Gov. Roy Cooper opposes tax cuts for North Carolinians earning more than $200,000 a year. Without saying so directly, the governor also stands against one of the most significant positive developments in N.C. tax policy during the past decade.

He seems to reject the flat tax.

Cooper’s response to last week’s state Senate budget plan featured criticism of senators’ tax proposals. The governor wants “tax cuts for those who need it, not tax breaks for corporations and people making more than $200,000 per year,” he said in a prepared statement June 21.

A cynic might read the governor’s words and conclude that Cooper is simply regurgitating familiar partisan lines. Sift through reports of recent N.C. state budget debates, and it’s easy to find Democrats’ frequent objections to tax cuts for “corporations and the rich.”

But let’s assume for now that the governor is expressing more than just a calculated pitch to his political base. Let’s assume that he legitimately opposes tax cuts targeting taxpayers with annual incomes of $200,000 or more.

If so, there’s a glaring flaw in his statement: Nothing within the Senate’s tax plan targets people earning more than $200,000.

Yes, taxpayers at that income level would enjoy tax cuts under the Senate plan. But those tax cuts would be based on policies applied to every other taxpayer who owes N.C. income tax. To single out taxpayers making more than $200,000 would require a change in the basic structure of North Carolina’s tax code.

It would mean ending the flat-rate income tax.

The Senate’s personal income tax proposal features three key elements: a rate reduction, a larger standard deduction, and an increase in the child tax deduction.

Among those three, the child tax deduction has absolutely no impact on taxpayers earning $200,000. Current law offers no per-child deduction for single taxpayers with more than $60,000 of income and married couples earning more than $120,000. The Senate would boost those limits to $70,000 for single taxpayers and $140,000 for married couples.

Taxpayers with $200,000 in income would see no change.

Next, there’s the standard deduction. It’s also called the zero tax bracket. The standard deduction refers to the amount of income exempt from state taxation. Any change in that deduction offers the same dollar amount of tax relief to every taxpayer who takes the deduction.

Current law allows a single taxpayer to deduct $10,750. A married couple can deduct twice as much: $21,500. The Senate wants to bump those numbers up to $12,750 and $25,500.

At the state’s current income tax rate, that would mean an additional $105 of tax relief for every taxpayer ($210 for married couples). Yes, taxpayers with $200,000 of income could take the higher standard deduction. But they reap no special benefit.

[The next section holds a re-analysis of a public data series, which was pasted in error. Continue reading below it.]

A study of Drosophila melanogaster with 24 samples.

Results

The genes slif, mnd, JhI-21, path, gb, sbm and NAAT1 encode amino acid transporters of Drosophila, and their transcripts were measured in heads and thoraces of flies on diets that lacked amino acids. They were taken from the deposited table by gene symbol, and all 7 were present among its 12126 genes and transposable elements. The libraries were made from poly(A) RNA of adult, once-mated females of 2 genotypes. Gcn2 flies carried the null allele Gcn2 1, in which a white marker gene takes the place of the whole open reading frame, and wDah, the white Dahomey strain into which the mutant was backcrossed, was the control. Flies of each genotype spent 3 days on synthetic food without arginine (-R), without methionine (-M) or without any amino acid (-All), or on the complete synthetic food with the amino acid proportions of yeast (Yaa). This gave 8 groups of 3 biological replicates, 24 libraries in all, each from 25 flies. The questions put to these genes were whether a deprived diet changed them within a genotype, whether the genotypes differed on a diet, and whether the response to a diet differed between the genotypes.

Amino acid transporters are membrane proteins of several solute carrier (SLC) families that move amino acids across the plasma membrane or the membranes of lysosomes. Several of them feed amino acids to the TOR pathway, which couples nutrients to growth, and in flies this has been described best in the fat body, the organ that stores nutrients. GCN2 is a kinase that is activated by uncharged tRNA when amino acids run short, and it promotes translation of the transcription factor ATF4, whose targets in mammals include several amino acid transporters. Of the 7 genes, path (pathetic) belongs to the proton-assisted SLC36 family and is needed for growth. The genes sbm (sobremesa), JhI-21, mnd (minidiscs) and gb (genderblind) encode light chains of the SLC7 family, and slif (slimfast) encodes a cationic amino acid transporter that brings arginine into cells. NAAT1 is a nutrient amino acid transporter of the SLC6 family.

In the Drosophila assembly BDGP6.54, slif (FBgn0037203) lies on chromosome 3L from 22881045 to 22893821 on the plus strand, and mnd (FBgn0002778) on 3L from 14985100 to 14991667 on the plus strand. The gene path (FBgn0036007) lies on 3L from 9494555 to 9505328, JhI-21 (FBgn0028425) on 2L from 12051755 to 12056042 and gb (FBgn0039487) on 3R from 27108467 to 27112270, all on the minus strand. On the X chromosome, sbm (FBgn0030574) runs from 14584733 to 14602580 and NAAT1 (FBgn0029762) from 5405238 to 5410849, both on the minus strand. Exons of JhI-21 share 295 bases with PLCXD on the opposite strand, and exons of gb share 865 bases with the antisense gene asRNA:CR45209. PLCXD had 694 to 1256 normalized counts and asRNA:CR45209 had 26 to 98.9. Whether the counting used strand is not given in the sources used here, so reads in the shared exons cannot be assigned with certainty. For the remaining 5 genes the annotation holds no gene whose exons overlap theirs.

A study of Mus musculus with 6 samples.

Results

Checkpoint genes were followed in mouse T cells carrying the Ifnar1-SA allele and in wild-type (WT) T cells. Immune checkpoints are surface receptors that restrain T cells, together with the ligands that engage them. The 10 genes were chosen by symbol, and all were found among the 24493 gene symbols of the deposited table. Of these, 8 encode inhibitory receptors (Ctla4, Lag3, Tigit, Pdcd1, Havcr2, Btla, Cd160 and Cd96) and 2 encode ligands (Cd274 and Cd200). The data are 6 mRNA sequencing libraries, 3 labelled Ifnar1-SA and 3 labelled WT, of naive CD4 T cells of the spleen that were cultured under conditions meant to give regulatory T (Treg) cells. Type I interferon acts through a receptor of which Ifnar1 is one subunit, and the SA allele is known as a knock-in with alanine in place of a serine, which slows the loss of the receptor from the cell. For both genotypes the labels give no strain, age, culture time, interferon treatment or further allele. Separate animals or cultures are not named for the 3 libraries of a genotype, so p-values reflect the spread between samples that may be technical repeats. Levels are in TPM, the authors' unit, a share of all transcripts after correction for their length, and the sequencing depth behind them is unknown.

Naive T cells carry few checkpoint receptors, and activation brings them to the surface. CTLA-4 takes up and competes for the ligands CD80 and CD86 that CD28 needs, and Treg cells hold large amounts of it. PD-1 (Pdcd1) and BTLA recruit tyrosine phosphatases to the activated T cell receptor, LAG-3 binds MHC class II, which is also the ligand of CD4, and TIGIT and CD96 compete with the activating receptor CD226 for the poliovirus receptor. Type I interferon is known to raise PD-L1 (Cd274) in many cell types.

Any increase in the standard deduction has a larger proportional impact on the tax burden of lower-income earners. Senate leaders have estimated that their proposed standard deduction would remove 200,000 North Carolinians from the tax rolls. None of those taxpayers earns $200,000.

With no other changes, the higher standard deduction would drop the state income tax bill for a childless married couple with the median N.C. income of $54,000 from $1,706 to $1,496. That’s a 12% tax cut. In contrast, the childless couple with $200,000 would see its tax bill drop from $9,371 to $9,161 (a 2% cut.)

Under current law, the $200,000 couple owes 5.5 times as much tax as the $54,000 couple. The increased standard deduction would force the $200,000 couple to pay more than six times as much as the median-income couple.

Nothing about this change offers the $200,00 household any special break.

The final piece of the Senate’s income tax plan involves a rate cut. Senators would slice the current flat rate immediately from 5.25% to 4.99%. By 2026, the rate would drop to 3.99%.

Yes, taxpayers with $200,000 of income would see a rate cut — along with every other taxpayer. Yes, a rate cut means those with higher incomes would see a larger dollar amount of tax relief than those with lower incomes. But the combination of the higher standard deduction with the rate cut means lower-income earners would see a larger proportional impact on their tax burdens.

Looking at our two couples above, the $54,000 household would see its tax bill drop immediately to $1,422, a total cut of 17%. The $200,000 household would face a tax bill of $8,707, a total cut of 7%.

Add two kids to each household, and the gains for the median family would be much larger. Its current $2,000 per-child deduction would grow to $2,500. This means the $54,000 household’s tax bill would be $1,172. Since the $200,000 household enjoys no state child tax deduction, its bill would remain unchanged. Earning 3.7 times as much income as the median household, the $200,000 household would owe 7.4 times as much tax.

Yet the governor and his allies try to paint a different picture. They imply that the Senate plan offers special breaks for those earning $200,000 or more. Follow Cooper’s comments to their logical conclusion, and those earning more than $200,000 “deserve” to pay a higher income tax rate than everyone else.

If that’s what Cooper wants, then he rejects the flat tax. He ought to be up front about it. He ought to rebut years of scholarly research touting a flat tax’s benefits.

And he ought to explain why his system would be better than a Senate plan that offers tax relief to everyone.

Mitch Kokai is senior political analyst for the John Locke Foundation.